Best Practices in Garden Planning
- There are likely organizations or institutions local to your workplace that have expertise in gardens, agriculture, or education. Invite them to share their knowledge and resources to get your gardens off to a great start and support your efforts throughout the year.
- Learn from others. Reach out to companies who have established workplace gardens to learn about their strategies, challenges, and successes.
- Form a team of employees from various areas to help shape the garden plan. Start with an organized and cohesive vision and employee gardeners will know what to expect.
- Aim for simplicity. Keep your plans manageable. You can always add more space and features with each season.
- Teamwork will take your project much further than individual efforts. Working in teams increases accountability, encourages people to share knowledge, and develops leadership.
- Set employees up for success. Provide a garden space with good soil, sun exposure, easy access to water, tools, education, and a clear understanding of the organization of the garden and how things get done.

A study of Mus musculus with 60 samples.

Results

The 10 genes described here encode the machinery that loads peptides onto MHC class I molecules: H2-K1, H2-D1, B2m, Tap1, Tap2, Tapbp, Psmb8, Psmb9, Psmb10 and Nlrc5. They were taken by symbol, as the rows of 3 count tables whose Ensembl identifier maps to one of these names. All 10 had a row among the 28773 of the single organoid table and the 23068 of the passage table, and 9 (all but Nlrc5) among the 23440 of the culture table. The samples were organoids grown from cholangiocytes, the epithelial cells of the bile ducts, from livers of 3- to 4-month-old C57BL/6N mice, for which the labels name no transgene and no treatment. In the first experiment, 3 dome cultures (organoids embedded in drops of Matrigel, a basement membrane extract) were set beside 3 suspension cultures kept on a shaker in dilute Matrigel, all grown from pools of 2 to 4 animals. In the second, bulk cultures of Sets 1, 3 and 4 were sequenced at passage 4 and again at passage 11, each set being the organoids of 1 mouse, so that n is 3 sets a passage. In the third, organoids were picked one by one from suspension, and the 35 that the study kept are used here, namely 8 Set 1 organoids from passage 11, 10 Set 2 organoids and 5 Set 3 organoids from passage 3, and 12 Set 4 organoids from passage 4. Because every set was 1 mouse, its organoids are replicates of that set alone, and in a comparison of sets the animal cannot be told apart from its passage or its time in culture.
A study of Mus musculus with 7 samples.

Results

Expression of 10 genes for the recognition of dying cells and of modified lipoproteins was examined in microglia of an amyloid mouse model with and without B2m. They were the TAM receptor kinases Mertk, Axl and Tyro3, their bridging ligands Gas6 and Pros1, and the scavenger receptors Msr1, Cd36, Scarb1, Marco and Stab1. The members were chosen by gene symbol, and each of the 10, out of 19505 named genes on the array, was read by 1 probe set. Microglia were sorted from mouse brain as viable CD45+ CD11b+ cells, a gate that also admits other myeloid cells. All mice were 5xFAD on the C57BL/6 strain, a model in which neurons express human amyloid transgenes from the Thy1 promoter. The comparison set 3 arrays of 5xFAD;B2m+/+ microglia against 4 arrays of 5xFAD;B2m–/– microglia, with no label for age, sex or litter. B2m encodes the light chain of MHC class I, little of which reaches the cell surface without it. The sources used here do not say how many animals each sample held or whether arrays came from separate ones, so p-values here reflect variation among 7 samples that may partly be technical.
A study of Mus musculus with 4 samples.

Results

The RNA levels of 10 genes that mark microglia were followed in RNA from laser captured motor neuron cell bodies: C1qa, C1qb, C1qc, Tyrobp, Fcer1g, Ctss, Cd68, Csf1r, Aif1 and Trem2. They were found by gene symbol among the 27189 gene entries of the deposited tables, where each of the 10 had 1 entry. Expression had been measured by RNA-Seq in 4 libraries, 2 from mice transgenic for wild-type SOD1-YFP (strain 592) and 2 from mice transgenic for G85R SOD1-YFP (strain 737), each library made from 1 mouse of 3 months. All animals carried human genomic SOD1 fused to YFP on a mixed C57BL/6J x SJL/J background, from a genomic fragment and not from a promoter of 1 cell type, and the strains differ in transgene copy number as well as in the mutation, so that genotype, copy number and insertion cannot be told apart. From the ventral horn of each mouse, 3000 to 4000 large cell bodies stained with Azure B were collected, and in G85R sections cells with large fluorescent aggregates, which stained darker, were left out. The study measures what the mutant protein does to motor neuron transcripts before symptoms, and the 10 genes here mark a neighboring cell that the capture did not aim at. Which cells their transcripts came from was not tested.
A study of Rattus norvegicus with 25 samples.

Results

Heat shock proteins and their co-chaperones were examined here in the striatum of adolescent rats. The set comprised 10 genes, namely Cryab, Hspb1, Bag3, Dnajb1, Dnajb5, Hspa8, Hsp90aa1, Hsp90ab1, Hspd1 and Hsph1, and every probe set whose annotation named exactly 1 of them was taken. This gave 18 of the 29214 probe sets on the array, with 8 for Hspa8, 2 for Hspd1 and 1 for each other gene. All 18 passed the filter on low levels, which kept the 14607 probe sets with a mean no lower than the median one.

- Keep your plans simple and manageable. You can always add more space and features in future seasons.
- Corporate gardens involve some sort of collective maintenance. Working in teams increases accountability, allows people to share knowledge, and develops leadership skills.
Set gardeners up for success
- Provide employees with good soil, sun exposure, easy access to water, hand tools, education, and a clear understanding of the organization of the garden and how things get done.
Serve the community
- By growing food in workplace gardens and donating it to community hunger relief agencies, you will strengthen your local community. Food pantries and community kitchens often don’t have much access to fresh produce; your garden surplus can make a real difference in people’s ability to access fresh, healthy food.
- Organic gardens offer social, environmental, and economic advantages than gardens where toxic chemicals are used. Using organic techniques to reduce the risk of harm to human health demonstrates responsibility and care for community and the earth.
Learn from others
- Reach out to other companies who have established workplace gardens to learn about their challenges and successes.